Part 3 of a 3-part series on color management.
In our most recent post, we talked about how Century Label’s equipment, software and printing expertise combine to give us precise quality control over your label and shrink sleeve jobs.
A great outcome for your next print job is directly related to specifying precisely what you want at the start of the ordering process. What do we mean exactly? Here are some of the things you can do to make sure we understand your printing expectations:
If you’re looking to have existing printed material duplicated, it’s a good idea to provide a sample when you make the order. This is especially helpful if you worked with another printer previously.
When providing digital art files, they should be in one of these formats: .ai (Adobe Illustrator), .eps (Encapsulated Post Script), .tiff (Tagged Image File Format), .psd (Photoshop Document), or print-ready .pdf (Portable Document Format).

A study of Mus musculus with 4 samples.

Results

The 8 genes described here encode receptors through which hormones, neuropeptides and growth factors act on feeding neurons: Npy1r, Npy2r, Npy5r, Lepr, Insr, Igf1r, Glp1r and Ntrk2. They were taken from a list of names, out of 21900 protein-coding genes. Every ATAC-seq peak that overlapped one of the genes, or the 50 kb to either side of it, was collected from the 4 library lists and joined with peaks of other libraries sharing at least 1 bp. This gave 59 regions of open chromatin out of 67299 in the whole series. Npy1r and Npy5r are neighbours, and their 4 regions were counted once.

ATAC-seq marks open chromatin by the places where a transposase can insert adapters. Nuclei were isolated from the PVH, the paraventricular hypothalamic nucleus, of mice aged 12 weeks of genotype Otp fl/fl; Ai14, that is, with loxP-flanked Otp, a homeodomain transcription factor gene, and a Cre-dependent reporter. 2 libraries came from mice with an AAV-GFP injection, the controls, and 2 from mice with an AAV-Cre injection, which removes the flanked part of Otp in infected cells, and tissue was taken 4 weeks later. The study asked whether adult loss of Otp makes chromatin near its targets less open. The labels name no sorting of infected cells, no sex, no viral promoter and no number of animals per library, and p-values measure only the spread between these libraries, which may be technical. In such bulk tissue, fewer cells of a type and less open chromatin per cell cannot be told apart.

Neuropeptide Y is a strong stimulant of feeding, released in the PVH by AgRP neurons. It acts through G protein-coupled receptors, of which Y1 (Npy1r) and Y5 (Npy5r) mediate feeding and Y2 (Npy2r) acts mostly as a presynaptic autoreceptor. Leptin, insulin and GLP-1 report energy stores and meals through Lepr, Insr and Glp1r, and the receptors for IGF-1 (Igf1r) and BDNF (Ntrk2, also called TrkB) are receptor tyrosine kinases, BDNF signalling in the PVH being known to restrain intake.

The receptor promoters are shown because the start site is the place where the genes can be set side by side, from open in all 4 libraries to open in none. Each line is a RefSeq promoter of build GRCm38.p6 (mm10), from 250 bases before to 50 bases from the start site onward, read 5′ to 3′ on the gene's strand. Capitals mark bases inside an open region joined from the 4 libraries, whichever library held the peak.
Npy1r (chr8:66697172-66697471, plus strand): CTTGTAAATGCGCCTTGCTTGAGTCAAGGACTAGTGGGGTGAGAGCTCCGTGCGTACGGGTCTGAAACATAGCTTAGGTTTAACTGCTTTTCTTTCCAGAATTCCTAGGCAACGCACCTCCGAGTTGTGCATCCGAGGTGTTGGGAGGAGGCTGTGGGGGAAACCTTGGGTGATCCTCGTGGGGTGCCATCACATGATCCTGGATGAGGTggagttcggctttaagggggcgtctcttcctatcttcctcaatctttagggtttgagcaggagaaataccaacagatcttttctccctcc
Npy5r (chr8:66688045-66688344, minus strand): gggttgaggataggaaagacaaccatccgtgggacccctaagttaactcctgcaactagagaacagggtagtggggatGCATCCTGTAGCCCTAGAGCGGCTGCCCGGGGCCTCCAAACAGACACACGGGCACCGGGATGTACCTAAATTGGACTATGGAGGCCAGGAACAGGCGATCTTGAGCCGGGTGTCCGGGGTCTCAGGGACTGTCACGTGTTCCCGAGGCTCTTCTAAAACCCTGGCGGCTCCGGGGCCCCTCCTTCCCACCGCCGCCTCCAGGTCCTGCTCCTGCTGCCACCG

If your digital material contains images that have been placed in a large file, such as an Adobe InDesign document, the links to those placed images must be either included, or embedded in the file, such as in a .pdf file. (View instructions and how-to videos here.)
Any fonts included in the document must be outlined. (View instructions and how-to videos here.)
If you need white plating, or under-prints, to provide backing for a specific color, we have instructions and how-to videos that can view here.
If your digital file is raster (instead of vector), the resolution should be 300 pixels per inch (ppi at 100% scaling) to get a clean, crisp reproduction in print.
All of these tips and more are covered in our Art File Check Sheet (also downloadable here) that guides you through the steps needed to help you tell us exactly what you want. Completing this check list makes sure all the information we need to fulfill your order is at hand, and helps put you in control of the printing process.
It’s all about Century Label helping you show your true colors.